I can still recall my surprise when a book by evolutionary biologist Peter Lawrence entitled “The making of a fly” came to be priced on Amazon at $23,698,655.93 (plus $3.99 shipping). While my colleagues around the world must have become rather depressed that an academic book could achieve such a feat, the steep price was actually the result of algorithms feeding off each other and spiraling out of control. It turns out, it wasn’t just sales staff being creative: algorithms were calling the shots.
Having a sense of self lies at the heart of what it means to be human. Without it, we couldn’t navigate, interact, empathise or ultimately survive in an ever-changing, complex world of others. We need a sense of self when we are taking action, but also when we are anticipating the consequences of potential actions, by ourselves or others.
It sounds like a magic trick: you put a special device in contact with air, let sunlight fall on it, and it produces free fuel. Yet this is the basic idea of researcher Mihalis Tsampas (NWO Institute DIFFER - Dutch Institute for Fundamental Energy Research) in collaboration with Toyota Motor Europe (TME).
The idea of creating a physical object from a digital file is fascinating. It conjures memories of the replicators in Star Trek that can create everything from clothes to starship components to different foods. Today’s 3D printing is making impressive strides in that direction, to the great interest of many manufacturers. It is now possible to print the components for sophisticated electronic devices with fairly simple equipment, for instance – as my research team has just shown by producing what we believe to be the first 3D-printed microphone.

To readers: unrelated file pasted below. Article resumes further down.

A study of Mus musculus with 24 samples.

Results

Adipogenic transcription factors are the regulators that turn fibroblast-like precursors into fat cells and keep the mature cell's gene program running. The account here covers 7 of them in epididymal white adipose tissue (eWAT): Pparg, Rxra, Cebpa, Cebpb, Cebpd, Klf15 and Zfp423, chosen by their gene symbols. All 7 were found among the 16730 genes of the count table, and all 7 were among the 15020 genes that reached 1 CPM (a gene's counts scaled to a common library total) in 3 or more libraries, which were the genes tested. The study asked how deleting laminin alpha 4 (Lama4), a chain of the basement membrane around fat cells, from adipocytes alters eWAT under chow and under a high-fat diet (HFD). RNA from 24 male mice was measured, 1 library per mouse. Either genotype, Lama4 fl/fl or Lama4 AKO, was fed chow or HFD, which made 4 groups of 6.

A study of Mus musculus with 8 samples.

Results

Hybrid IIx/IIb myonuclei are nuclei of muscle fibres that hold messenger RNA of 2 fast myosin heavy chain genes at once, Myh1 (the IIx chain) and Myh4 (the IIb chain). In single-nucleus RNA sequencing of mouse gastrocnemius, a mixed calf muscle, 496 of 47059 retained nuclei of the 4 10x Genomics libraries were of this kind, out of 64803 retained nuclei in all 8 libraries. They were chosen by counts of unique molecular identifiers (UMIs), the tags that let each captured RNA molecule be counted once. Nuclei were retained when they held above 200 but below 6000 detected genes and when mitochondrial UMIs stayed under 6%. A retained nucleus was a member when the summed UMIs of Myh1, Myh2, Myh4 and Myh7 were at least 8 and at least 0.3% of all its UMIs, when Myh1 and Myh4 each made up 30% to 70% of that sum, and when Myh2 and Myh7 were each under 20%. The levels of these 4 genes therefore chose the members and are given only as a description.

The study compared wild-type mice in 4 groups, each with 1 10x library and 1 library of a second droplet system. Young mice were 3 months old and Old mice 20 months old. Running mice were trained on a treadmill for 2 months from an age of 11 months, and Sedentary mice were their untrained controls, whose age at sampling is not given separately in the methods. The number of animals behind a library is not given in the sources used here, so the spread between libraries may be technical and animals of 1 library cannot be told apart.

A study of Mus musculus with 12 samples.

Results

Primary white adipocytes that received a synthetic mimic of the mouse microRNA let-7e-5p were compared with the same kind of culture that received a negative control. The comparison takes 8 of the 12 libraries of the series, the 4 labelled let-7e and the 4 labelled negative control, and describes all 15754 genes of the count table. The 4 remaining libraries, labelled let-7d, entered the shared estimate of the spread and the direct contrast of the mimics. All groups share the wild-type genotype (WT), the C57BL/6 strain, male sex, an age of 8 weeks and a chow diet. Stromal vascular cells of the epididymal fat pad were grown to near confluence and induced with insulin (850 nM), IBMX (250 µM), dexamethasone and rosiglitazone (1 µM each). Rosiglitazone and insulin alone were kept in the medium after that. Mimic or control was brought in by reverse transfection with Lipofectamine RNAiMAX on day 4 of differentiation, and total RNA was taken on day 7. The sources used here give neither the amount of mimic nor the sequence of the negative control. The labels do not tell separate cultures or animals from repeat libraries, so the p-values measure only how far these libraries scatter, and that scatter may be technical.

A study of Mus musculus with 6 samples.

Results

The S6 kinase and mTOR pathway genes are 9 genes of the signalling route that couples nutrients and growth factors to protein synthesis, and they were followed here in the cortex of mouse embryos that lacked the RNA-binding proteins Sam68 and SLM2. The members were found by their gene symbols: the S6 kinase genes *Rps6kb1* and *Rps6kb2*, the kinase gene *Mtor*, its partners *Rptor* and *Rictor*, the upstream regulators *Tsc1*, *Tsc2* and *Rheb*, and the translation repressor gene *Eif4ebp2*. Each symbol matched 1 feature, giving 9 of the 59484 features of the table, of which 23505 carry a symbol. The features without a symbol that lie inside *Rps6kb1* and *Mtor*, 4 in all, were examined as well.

When the UK government cancelled its plans to electrify train lines across Wales, the Midlands and the north of England, and cut back on the Great Western rail network electrification, it brought a premature end to a rail investment program once touted as the biggest the country had seen since the Victorian era. But now reports suggest that the government and train manufacturers are hoping there may be an alternative way to turn British railways electric: hydrogen.
IBM recently unveiled what it claimed was the world’s first commercial quantum computer. While the announcement of the Q System One wasn’t scientifically groundbreaking, the fact that IBM sees this as a commercial product that organisations (if not individuals) will want to use is an important breakthrough.
It’s tempting to give up on data security altogether, with all the billions of pieces of personal data – Social Security numbers, credit cards, home addresses, phone numbers, passwords and much more – breached and stolen in recent years. But that’s not realistic – nor is the idea of going offline entirely. In any case, huge data-collection corporations vacuum up data about almost every American without their knowledge.